The hazards of "goose-step" staircases

February 04, 2013 2 min read

There are many types of stairways that can look great in the main entryway of the house, like winding arched staircases or even stairs with multiple landings. Much of the time, the kind of staircase that you use in your main foyer is determined by how much space you have to let your stairs make a statement. For example, you may only have room for a straight staircase that descends down one of the side wall if your entryway is too narrow. On the other hand, you may simply need to incorporate multiple landings that weave up to the second floor because the layout of your house lacks the depth to support a long flight.

There are some spaces that require a staircase although room is extremely cramped. Usually, some form of spiral staircase is the best for a tight area. However, there is another design apt for narrow quarters that homeowners will sometimes use.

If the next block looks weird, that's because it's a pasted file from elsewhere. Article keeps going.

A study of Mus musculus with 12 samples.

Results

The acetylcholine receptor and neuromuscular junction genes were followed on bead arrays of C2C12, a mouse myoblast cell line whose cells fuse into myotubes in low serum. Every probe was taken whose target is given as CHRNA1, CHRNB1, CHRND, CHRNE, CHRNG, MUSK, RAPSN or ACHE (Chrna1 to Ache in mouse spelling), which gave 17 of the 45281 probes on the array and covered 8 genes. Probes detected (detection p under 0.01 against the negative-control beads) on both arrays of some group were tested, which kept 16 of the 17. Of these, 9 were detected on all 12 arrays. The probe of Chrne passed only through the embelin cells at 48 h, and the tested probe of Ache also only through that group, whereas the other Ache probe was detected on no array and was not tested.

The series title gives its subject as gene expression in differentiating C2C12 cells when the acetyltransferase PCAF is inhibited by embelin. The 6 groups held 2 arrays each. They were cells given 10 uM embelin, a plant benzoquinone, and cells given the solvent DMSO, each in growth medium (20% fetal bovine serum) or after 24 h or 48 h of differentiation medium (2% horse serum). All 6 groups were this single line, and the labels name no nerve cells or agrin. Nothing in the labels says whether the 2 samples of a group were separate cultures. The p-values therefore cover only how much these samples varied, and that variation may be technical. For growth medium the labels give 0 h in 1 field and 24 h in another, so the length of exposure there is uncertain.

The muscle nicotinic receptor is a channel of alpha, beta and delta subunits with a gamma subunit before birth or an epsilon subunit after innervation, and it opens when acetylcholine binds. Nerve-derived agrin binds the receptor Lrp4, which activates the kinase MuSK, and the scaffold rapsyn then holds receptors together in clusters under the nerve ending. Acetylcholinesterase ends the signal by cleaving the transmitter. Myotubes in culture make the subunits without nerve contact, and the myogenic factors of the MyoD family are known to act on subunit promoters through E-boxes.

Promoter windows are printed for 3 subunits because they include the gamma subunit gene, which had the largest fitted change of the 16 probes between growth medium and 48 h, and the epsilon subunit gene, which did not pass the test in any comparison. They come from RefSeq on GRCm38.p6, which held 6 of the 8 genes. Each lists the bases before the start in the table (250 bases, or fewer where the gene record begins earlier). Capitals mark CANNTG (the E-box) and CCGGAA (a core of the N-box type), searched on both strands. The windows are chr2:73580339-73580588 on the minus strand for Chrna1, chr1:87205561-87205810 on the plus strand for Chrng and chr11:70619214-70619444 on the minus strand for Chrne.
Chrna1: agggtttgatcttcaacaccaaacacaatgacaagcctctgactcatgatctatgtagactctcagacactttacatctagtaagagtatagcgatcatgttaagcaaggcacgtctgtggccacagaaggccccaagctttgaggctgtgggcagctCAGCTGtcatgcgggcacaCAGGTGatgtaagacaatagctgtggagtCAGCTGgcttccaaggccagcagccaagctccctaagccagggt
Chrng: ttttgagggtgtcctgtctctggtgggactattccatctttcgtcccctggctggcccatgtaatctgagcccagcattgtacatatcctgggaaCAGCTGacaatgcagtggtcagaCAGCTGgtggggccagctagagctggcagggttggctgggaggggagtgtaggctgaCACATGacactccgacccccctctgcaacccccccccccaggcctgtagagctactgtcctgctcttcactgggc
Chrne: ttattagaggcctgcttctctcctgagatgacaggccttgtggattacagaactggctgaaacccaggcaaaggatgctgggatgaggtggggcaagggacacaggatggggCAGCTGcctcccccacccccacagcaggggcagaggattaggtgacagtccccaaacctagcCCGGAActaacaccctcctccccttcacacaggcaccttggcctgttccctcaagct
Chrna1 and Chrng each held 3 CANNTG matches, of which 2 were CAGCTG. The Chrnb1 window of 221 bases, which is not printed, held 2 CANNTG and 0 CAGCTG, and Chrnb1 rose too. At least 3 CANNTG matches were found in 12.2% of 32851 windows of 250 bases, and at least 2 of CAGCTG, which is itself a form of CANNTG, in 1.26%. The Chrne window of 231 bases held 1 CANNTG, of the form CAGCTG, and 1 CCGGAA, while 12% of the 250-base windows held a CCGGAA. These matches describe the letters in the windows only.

"Goose-step" or "samba" stairs are a risky venture because instead of having traditional rectangular treads and risers, each step is curved so that it supports only one foot at each elevation. In many areas, building codes prevent homeowners from constructing flights of this style, as they can be extremely dangerous if an individual misses a step or literally starts out on the wrong foot.

Since each tread is essentially shaped like a "P" on its side, alternating direction back and forth throughout the flight, half of the space is essentially missing the entire length of the stairs. This allows the staircase to be extremely steep as space is economized, which is great when it comes to making room, but can a serious safety hazard.

In addition, the spacing of the balusters on such a steep staircase may not coincide with certain building codes as the distance between each step is limited.

Leave a comment

Comments will be approved before showing up.